Latest News

The (Dress) Color Divide

Excuse my grammar, but my momma didn't raise no racist.

I was raised to respect all races while being proud of my own. I mean, as kids we weren't even allowed to refer to people by their race. And our family photos look like the old Benetton ads.

I won't patronize you by listing all my white, Asian, Hispanic and mixed-race friends, but just know that I judge people by the content of their character.

With that said, here goes:

I was determined to expose Michaela to people from as many cultures and races and religions as possible. I wanted her to see the world as a rainbow and not just in black and white.

But I also wanted her to be self-aware and proud of her own heritage.

One of the first things I struggled with was finding a doll that had her complexion and hair texture and eye color.

Then I worked to make sure her movie and book collection was diverse. Thankfully, Disney provides some diversity (The Princess & The Frog debuted around Michaela's 2nd birthday) and the local librarians and other parents were able to recommend some great books.

As for movies, one of the selections I liked best was Rodgers and Hammerstein's Cinderella, which featured a racially diverse cast including Brandy, Whitney Houston and Bernadette Peters.

Michaela loved it from the first time she saw it.

But then came the dilemma. This past Christmas, I put "Black Cinderella" on my child's Christmas list.

But there is no such thing.

I searched and searched, then almost decided to get a black Barbie, braid her hair and pass her off as Cinderella. But I was afraid Michaela would see right through it.

Finally, one of my friends (of another race) gave me some words of wisdom.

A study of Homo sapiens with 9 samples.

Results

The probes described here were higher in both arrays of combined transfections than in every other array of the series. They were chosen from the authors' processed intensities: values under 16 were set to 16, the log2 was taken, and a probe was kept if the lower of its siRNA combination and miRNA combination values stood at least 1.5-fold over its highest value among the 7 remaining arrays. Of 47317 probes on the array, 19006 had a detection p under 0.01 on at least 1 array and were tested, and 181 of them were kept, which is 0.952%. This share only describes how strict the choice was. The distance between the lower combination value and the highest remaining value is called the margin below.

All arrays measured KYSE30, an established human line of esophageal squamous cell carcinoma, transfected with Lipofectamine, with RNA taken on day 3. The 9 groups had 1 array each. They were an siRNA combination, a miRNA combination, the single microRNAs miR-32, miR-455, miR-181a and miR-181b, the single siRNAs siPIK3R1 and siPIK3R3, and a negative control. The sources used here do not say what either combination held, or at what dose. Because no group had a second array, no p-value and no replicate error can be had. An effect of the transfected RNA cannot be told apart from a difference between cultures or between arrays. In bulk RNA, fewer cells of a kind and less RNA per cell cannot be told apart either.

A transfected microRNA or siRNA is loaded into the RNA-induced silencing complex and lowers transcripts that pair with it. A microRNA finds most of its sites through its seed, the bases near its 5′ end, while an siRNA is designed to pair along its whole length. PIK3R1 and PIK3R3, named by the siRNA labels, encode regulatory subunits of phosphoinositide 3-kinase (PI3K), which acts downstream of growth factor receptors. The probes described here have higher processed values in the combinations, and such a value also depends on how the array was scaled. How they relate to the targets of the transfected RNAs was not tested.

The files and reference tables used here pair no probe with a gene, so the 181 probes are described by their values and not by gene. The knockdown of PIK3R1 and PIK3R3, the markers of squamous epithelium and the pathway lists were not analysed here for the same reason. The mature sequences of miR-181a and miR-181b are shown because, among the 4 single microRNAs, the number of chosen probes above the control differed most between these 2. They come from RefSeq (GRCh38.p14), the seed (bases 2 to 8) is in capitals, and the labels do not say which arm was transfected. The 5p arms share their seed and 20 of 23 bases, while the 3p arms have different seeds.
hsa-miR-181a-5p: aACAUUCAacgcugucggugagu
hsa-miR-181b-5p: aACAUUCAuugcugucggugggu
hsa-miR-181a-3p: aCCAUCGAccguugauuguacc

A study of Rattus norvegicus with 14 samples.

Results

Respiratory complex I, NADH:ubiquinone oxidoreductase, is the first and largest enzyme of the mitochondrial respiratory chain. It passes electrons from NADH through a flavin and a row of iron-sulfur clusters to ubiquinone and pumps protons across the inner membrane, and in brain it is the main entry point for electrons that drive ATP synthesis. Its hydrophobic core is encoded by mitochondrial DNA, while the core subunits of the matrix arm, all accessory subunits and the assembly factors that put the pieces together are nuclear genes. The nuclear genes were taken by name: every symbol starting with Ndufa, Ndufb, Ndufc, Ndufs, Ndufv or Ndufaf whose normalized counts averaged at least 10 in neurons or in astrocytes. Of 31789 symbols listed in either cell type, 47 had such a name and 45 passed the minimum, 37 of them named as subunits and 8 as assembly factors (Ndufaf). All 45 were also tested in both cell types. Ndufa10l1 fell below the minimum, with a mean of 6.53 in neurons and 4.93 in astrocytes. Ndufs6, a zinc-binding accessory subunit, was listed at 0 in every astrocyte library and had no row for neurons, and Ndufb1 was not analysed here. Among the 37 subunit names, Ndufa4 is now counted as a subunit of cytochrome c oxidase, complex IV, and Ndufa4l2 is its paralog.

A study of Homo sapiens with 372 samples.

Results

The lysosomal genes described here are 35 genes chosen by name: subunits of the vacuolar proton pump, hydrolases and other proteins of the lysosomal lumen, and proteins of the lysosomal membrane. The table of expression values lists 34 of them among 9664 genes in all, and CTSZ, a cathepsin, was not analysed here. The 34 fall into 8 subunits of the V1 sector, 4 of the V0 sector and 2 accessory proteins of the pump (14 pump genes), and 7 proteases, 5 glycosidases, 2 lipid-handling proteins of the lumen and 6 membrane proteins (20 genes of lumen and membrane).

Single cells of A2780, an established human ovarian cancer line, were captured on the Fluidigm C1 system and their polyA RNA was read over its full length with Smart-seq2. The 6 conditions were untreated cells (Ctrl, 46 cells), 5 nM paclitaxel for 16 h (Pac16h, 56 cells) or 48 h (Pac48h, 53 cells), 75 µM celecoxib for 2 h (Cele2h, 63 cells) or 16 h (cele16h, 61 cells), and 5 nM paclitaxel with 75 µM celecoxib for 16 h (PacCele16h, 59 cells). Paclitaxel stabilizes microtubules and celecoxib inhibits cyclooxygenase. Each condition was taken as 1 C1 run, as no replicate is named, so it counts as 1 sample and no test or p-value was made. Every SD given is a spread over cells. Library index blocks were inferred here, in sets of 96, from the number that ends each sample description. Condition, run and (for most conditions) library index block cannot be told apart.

"She really won't care," she said. "You're making way more out of it than you should."

Finally, I selected the Disney Cinderella, with blond hair, blue eyes and  gorgeous blue gown. (I will admit that I got a black Barbie as a backup just in case. The plan was to put the gown on the black doll if things didn't go over well. Sorry, Shannon!)

I nearly held my breath as Michaela opened the package.

"Cinnnerella!", she said excitedly.

I couldn't believe it. It was one of those times when I wished I could read her mind.

It wasn't until a few weeks ago that it all made sense.

We were watching television when she spotted a blue dress and yelling "Cinnnerella!"

Then it hit me -- she associates the princesses not by their skin color but by their dress color.

Of course. Way to make mommy feel like a racist.

It was such a valuable lesson for me.

As much as we try not to be judgmental or "color coded", we sometimes get swayed by outside influences -- our friends, the television shows and movies, bad experiences, or in my case, overzealous parenting.

I used to wonder why we weren't allowed to refer to people by their race as kids.Or why my parents told us to pick our friends based on their grades in school and not based on their race or income level.

But now I understand.

Race can cloud our judgment. Race is just, well, extra. Underneath it all, we are just people.

Good people, bad people.

As one old man used to put it, "Folks are just folks."

It's okay to be proud of your race and teach your kids about their heritage, but in the end, the lesson to learn is that first and foremost, people are just people. And all of them are special and unique.

All of them are made by God for a purpose.

I am thankful that for now, Michaela categorizes people by only one thing -- the color of their dress. Tiana is green. Cinderella is light blue. Belle is yellow. And so on.

Wonder what Martin Luther King would say about that?